Yanina Wickmayer Advances to the Semis at the BNP Paribas Open

On the Baseline Tennis News
March 17, 2011

Indian Wells, CA —The second match of the women’s quarterfinals took place last night under the lights of the BNP Paribas Open, in a not-so-packed Stadium 2.

It was Shahar Peer vs. Yanina Wickmayer.

The small crowd was a bit disappointing, but then I realized it was likely a case of unfortunate timing. When you have back-to-back matches featuring Rafael Nadal and Roger Federer on Stadium 1 on the same night, it’s tough to compete for fans (or seat warmers, depending on your view).

This particular quarterfinal between Peer and Wickmayer was an intriguing match up: No top-10 star power. No predictable winner. And, their head-to-head match ups were tied at 2-2. Peer had an outfit to match the purple court, and seemed ready to do battle, while Wickmayer was ready for the chance to avenge her third round loss to Peer in Dubai.

I walked into the stadium when the first set was underway, and tied at 2-2. I knew both Peer and Wickmayer wanted this win badly. Some of the fans in the stands showed their support by displaying two large flags – one Israeli and one Belgian, which were held up on opposite sides of the court. Given the small crowd, these flags were hard to miss.

Despite the close start in the first set, Wickmayer managed to pull ahead to 5-2. Peer held her serve, giving some level of hope that the first set wasn’t a wash. Peer, who made it to the quarterfinals at Indian Wells in 2007, kept slapping her left leg, as if her leg wasn’t listening, or wasn’t interested in cooperating. In all honesty, she might have done better with a head-stand. Wickmayer took the first set 6-3 in convincing fashion.

There was an energy to Wickmayer’s game, which put her in a dominant position in this match. Maybe it was her “Wooo-meee” grunts during EVERY point. Maybe it was her footwork, or those forehand down the line shots. One fan in the stands seemed to think Wickmayer was drinking the right kind of coffee. (Wickmayer weighed in on this theory later).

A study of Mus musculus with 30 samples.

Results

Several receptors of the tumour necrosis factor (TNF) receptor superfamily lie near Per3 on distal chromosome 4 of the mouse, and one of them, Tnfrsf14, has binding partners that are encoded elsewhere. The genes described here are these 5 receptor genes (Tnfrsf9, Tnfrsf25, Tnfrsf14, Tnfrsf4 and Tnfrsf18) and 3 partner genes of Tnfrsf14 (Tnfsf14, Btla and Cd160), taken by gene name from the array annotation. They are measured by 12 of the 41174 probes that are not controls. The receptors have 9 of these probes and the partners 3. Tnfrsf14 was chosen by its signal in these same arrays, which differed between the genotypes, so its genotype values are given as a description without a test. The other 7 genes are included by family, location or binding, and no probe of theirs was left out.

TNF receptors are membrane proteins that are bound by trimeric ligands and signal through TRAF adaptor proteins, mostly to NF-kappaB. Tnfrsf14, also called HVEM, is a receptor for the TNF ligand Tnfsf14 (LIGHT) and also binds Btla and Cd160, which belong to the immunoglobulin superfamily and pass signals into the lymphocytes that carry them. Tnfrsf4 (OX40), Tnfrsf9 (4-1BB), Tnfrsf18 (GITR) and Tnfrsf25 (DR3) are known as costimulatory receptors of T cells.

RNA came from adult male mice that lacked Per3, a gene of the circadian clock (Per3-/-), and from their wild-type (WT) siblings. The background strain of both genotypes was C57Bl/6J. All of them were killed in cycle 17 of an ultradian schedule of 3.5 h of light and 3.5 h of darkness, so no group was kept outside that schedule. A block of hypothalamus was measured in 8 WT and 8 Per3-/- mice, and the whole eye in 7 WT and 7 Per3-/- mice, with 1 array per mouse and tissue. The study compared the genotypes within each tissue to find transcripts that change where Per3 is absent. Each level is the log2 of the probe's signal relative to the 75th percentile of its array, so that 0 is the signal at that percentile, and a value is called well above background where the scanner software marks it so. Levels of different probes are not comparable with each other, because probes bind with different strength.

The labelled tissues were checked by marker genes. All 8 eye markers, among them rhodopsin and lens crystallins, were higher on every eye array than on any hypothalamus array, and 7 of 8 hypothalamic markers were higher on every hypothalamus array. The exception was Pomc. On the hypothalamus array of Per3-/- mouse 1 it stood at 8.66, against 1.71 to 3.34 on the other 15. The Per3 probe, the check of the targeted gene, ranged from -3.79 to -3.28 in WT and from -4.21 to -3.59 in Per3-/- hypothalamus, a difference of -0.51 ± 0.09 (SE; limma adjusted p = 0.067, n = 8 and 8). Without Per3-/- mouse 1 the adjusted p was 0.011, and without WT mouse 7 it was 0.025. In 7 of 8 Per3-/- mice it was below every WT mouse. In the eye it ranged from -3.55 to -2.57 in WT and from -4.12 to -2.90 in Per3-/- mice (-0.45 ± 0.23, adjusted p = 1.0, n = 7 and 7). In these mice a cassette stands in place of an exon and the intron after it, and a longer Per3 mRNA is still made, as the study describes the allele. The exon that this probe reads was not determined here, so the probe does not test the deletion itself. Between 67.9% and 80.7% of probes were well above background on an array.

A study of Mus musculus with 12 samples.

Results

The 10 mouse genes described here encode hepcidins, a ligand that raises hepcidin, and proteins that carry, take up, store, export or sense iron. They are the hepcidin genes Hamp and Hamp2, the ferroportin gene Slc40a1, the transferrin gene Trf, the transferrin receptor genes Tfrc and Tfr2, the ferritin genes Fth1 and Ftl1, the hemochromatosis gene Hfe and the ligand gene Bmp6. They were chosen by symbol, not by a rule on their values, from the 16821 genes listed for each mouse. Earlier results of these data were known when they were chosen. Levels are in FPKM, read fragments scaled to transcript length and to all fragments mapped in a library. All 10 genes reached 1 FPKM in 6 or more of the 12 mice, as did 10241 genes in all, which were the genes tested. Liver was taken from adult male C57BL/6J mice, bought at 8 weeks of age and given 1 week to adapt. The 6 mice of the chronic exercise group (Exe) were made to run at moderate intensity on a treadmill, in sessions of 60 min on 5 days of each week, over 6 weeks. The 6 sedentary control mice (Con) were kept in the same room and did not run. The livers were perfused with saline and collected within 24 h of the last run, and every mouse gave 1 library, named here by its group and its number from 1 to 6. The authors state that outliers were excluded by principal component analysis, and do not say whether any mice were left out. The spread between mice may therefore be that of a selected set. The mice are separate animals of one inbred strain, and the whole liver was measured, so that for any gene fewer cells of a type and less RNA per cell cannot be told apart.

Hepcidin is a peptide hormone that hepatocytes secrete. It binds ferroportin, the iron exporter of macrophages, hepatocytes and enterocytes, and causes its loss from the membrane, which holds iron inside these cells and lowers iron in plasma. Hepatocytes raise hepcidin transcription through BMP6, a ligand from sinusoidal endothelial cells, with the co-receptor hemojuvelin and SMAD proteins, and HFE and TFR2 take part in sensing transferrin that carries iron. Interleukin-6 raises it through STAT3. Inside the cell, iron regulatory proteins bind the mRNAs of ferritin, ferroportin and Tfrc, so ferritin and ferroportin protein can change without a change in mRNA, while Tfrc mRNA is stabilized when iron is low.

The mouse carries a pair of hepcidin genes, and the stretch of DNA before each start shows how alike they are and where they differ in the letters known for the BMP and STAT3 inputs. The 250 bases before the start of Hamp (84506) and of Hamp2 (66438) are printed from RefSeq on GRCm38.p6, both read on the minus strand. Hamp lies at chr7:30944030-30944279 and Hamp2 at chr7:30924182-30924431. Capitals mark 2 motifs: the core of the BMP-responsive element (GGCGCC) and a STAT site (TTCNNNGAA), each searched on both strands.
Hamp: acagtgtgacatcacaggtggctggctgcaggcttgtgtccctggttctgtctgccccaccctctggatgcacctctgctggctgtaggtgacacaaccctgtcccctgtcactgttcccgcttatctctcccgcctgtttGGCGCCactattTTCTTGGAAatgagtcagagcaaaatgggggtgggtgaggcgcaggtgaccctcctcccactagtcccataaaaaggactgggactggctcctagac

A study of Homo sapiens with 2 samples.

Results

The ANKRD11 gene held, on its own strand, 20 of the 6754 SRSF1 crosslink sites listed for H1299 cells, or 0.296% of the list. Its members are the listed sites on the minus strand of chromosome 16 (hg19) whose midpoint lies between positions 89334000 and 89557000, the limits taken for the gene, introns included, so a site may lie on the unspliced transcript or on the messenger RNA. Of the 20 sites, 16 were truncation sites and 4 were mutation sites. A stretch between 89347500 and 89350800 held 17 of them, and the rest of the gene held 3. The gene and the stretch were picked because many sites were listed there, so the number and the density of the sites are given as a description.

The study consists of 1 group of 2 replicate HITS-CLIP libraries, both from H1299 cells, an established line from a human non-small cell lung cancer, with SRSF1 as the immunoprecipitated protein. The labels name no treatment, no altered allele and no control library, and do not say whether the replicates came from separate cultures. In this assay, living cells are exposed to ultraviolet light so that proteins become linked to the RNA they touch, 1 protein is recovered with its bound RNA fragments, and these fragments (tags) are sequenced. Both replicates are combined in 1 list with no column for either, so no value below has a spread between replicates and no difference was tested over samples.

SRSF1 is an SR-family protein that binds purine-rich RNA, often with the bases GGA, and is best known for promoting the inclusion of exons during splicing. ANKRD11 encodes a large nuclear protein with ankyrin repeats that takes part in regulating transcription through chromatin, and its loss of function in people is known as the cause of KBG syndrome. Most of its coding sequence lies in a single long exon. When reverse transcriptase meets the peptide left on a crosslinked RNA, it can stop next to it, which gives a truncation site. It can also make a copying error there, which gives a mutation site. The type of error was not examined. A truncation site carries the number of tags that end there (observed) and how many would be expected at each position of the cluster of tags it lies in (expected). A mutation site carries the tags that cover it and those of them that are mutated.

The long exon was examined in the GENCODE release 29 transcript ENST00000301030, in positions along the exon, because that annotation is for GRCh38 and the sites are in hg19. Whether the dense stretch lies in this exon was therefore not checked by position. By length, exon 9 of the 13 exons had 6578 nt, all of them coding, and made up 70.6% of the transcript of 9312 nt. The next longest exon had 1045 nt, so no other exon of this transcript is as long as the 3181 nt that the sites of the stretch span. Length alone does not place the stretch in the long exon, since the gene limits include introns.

At the end of the first set, Peer sought the advice of her coach. Whatever he said to her offered enough motivation for Peer to get back out onto the court 20 seconds before the umpire called “Time”.
Peer was down 0-2 in the second set, and let out a yell that could be heard in the next stadium. Frustration had set in. She called her coach onto the court at 0-3. Something clicked (albeit temporarily). Peer won the next game. Wickmayer fought back and broke Peer to take a 4-1 lead. Wickmayer was serving for the match at 5-2 in the second set, but Peer broke her at a crucial juncture, bringing it to 5-3. She saved a match point when she was down 3-5, but Wickmayer broke back to win the set and the match 6-3, 6-3.

All-in-all, it was a good run for Shahar Peer, who, at No. 12, is as close to the top 10 as she’s ever been.

When I spoke with Wickmayer after the match, she insisted “I didn’t have a coffee today! Maybe the right kind of sports drink,” she said with a laugh. “I woke up this morning and felt really good. Had a good practice this morning. I was really fit and felt my strokes were really good and powerful.”

Wickmayer reflected on her quarterfinal win against Peer, comparing it to her loss in Dubai. “I was a completely different player today. I really played a lot more aggressive today. Shahar is a tough opponent to play. In Dubai, she was just a better player…playing more aggressive. Today I came up and really put pressure on her.”

Wickmayer made it to the fourth round at Indian Wells last year, and this year is set to play Marion Bartoli in the semifinals.

“I played her two or three times and lost every single time,” said Wickmayer. “So I’m going to try to change it. She’s a tough opponent. She hits the ball very strong…very hard. She’s a big fighter, so it’s going to be another tough one for me.”

Wickmayer, currently ranked at No. 25, is set to re-enter the top-20 after her quarterfinal win.